Water Reuse, Water, Integrated Resources Management, Program Management, Government, Federal Government
Addressing the World's Water Challenges
Widespread drought and changing weather patterns are redistributing the world’s water. Meanwhile, our cities continue to grow. In the coming years, safe, effective water reuse will be critical to industry, agriculture and the public around the world.
Developed by CDM Smith in 1980, and updated in 1992 and 2004, the U.S. Environmental Protection Agency (EPA) Guidelines for Water Reuse provides some of the most importance guidance on water reuse to water and wastewater utilities, regulatory agencies, and industries in the United States and around the world. Recently, the EPA, the U.S. Agency for International Development (USAID) and CDM Smith initiated the development process for the next EPA Guidelines for Water Reuse document, to address some of these pressing global issues.
Re-envisioning Water Reuse
The updated guidelines will focus on a range of water reuse practices and projects, from low-technology solutions to advanced treatment processes. “We anticipate that the changes to the EPA Guidelines for Water Reuse will update the 2004 document and address some areas not previously covered, including the role of reuse in integrated water resources planning and management, energy use and sustainability associated with water reuse practices, coverage of individual onsite and graywater reuse systems (including LEED®-certified systems), and the potential of direct potable reuse options,” says Robert Bastian, a senior environmental scientist at the EPA’s Office of Water.
The 2012 update will differ from past guidelines in several ways, Bastian explains. “The document will include more case studies, updated summaries of state reuse requirements and more coverage of current international reuse practices. We will also establish a website to keep this information current.”
The U.S. Department of Agriculture (USDA) is also collaborating on the update. There will be more emphasis on agricultural reuse, which will reference USDA-funded research on using reclaimed water for crops. “We are really happy to have their support, as agricultural reuse is going to play a greater role than it has in the past in water reuse supply and demand,” explains Bob Matthews, CDM Smith senior vice president. Matthews has participated in the management and technical review of the 2012 guidelines, and played an important role in previous updates, as well.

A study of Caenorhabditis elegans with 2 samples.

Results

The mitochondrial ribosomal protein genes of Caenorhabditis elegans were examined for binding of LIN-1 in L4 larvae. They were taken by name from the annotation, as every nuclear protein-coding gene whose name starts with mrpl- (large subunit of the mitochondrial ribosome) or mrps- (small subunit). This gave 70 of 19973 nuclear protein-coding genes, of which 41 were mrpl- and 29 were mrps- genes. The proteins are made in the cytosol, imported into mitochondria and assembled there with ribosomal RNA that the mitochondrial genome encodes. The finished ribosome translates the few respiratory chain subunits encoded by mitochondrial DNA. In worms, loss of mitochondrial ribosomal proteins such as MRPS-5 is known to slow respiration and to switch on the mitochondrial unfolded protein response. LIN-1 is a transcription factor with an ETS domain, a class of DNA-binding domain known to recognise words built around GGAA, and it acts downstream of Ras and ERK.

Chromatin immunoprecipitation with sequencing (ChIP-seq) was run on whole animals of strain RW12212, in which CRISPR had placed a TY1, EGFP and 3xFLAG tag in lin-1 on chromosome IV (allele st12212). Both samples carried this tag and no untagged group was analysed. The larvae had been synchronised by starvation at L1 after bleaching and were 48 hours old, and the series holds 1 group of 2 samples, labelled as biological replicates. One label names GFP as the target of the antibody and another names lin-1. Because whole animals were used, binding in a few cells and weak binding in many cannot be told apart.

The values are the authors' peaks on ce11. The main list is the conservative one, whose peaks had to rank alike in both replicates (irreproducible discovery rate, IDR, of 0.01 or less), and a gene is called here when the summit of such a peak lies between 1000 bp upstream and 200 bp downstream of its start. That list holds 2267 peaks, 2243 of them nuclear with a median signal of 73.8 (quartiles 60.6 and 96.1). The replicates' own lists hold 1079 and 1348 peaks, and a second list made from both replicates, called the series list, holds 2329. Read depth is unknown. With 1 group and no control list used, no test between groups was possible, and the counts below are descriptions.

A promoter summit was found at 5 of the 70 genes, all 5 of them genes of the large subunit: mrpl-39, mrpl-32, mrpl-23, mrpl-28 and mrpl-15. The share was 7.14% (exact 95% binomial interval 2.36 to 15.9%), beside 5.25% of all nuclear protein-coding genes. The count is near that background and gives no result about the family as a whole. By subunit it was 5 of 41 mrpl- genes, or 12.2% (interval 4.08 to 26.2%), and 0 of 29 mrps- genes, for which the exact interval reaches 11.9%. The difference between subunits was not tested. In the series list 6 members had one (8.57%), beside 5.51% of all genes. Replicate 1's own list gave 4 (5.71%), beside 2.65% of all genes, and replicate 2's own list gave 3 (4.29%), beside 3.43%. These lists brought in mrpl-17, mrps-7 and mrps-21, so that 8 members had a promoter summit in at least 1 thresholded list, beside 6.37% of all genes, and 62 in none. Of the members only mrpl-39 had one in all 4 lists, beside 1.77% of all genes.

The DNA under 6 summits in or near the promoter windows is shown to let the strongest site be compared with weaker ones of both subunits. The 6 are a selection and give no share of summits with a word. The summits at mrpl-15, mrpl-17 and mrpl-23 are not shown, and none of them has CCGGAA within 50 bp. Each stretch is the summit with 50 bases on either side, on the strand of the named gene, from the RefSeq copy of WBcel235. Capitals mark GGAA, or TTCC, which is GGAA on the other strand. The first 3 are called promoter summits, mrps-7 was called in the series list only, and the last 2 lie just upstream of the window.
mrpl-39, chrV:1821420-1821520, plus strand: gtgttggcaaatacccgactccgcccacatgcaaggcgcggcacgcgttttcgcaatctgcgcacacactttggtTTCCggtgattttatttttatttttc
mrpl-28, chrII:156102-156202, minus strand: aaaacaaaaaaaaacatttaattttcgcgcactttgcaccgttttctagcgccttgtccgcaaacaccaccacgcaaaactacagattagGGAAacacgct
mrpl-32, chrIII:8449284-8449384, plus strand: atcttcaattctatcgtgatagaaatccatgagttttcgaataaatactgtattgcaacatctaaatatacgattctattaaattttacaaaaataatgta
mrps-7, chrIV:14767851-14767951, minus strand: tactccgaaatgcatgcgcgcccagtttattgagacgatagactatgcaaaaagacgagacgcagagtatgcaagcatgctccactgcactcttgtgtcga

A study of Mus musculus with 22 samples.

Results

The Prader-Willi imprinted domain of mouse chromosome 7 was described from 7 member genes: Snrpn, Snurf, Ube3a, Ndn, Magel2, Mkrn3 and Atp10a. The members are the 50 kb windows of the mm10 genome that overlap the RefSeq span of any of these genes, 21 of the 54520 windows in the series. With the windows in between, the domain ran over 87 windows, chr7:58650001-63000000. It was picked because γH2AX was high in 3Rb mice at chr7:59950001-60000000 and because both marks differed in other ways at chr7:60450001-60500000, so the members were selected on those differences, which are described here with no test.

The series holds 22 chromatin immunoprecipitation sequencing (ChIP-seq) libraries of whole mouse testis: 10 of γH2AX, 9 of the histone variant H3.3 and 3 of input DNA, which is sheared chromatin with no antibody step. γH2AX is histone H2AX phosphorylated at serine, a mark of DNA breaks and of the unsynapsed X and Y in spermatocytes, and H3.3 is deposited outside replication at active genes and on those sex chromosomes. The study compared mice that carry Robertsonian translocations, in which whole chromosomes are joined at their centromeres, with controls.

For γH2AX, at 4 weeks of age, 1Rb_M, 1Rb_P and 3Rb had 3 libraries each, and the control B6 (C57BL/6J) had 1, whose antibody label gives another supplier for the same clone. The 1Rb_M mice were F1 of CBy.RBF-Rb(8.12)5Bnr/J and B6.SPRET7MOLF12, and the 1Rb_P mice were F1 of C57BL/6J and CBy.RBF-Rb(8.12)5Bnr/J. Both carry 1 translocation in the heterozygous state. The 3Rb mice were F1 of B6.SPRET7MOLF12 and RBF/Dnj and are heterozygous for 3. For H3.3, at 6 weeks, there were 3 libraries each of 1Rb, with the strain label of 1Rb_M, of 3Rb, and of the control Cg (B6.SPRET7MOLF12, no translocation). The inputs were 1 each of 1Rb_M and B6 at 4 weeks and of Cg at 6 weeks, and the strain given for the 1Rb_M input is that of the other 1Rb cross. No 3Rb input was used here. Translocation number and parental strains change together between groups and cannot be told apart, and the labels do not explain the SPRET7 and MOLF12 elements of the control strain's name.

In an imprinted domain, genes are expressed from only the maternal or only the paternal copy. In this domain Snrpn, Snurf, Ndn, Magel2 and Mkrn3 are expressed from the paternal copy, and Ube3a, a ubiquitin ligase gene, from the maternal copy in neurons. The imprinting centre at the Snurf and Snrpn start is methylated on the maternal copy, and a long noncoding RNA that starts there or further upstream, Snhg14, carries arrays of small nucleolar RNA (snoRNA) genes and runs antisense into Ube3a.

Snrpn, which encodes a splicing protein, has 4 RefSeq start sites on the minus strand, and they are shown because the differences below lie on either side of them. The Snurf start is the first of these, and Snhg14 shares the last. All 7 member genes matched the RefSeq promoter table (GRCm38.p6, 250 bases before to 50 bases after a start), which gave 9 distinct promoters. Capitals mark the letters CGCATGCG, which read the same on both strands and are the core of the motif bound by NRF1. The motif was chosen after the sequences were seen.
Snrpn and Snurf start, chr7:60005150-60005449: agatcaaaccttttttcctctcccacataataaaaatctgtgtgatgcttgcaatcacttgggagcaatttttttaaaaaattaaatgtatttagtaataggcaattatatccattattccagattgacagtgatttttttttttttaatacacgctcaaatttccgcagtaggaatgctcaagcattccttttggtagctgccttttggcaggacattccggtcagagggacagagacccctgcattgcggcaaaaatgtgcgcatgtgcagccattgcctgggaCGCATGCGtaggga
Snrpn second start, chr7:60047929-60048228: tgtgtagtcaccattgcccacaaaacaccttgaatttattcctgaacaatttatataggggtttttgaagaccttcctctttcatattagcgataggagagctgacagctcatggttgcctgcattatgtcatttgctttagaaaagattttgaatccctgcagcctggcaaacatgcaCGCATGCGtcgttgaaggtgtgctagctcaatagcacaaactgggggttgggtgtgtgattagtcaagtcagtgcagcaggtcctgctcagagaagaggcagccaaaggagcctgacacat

The updated guidelines will also present information with a more regional approach than past versions. “This update will provide more site-specific case studies, showing how reuse can be implemented while considering site-specific drivers and conditions,” according to Kati Bell, CDM Smith principal environmental engineer and project manager for the guidelines update. “Each state has its own regulations, and this is analogous to what you see globally. For example, in Africa, each country has its own regional challenges and needs. There is no one-size-fits-all approach to reuse.”
Managing a Collaborative Effort
CDM Smith is the lead consultant on this collaboration and is managing the 2012 update, which will be researched, written and reviewed by nearly 200 experts in the field, ranging from scientists and engineers to lawmakers and public employees. “CDM Smith's role in coordinating and managing the update through a Cooperative Research and Development Agreement with EPA is essential to completing this project,” says Bastian.
Bell is leading the technical review process, which began in 2009 and she has spent the past 2 years facilitating workshops and informational sessions at water conferences around the world, including Singapore International Water Week. “Much of this effort is to make sure from a public involvement standpoint that people have a chance to influence what the guidelines cover,” Bell explains.
Steps to Safer Water
The 2004 edition of the EPA Guidelines for Water Reuse was one of the agency’s most widely distributed documents. “The EPA guidelines are the international standard for water reuse and are still broadly accepted by other countries around the world,” notes Bell.
The 2012 guidelines will be a resource for developing countries, she says. “The international chapter will discuss minimizing human health risks related to wastewater reuse. It will also promote better management practices for countries that do not have the economic or technical resources to implement the advanced treatment processes that we have in the United States.”
The goal is to provide a range of options that countries around the world can use to make reused water a safe and reliable water source. “Historically, it was an all or nothing approach—either you built a large wastewater treatment plant, or did nothing,” Matthews explains. “But you have to start with some preliminary treatment to protect the water resources, and over time you can become more sophisticated. In this update, we are using case studies to show that progress.”
The updates to the EPA Guidelines for Water Reuse are scheduled to be released at the annual Water Environment Federation Technical Exhibition and Conference in October 2012.
Visit waterreuseguidelines.org for ongoing information, updates and the complete document when it is available.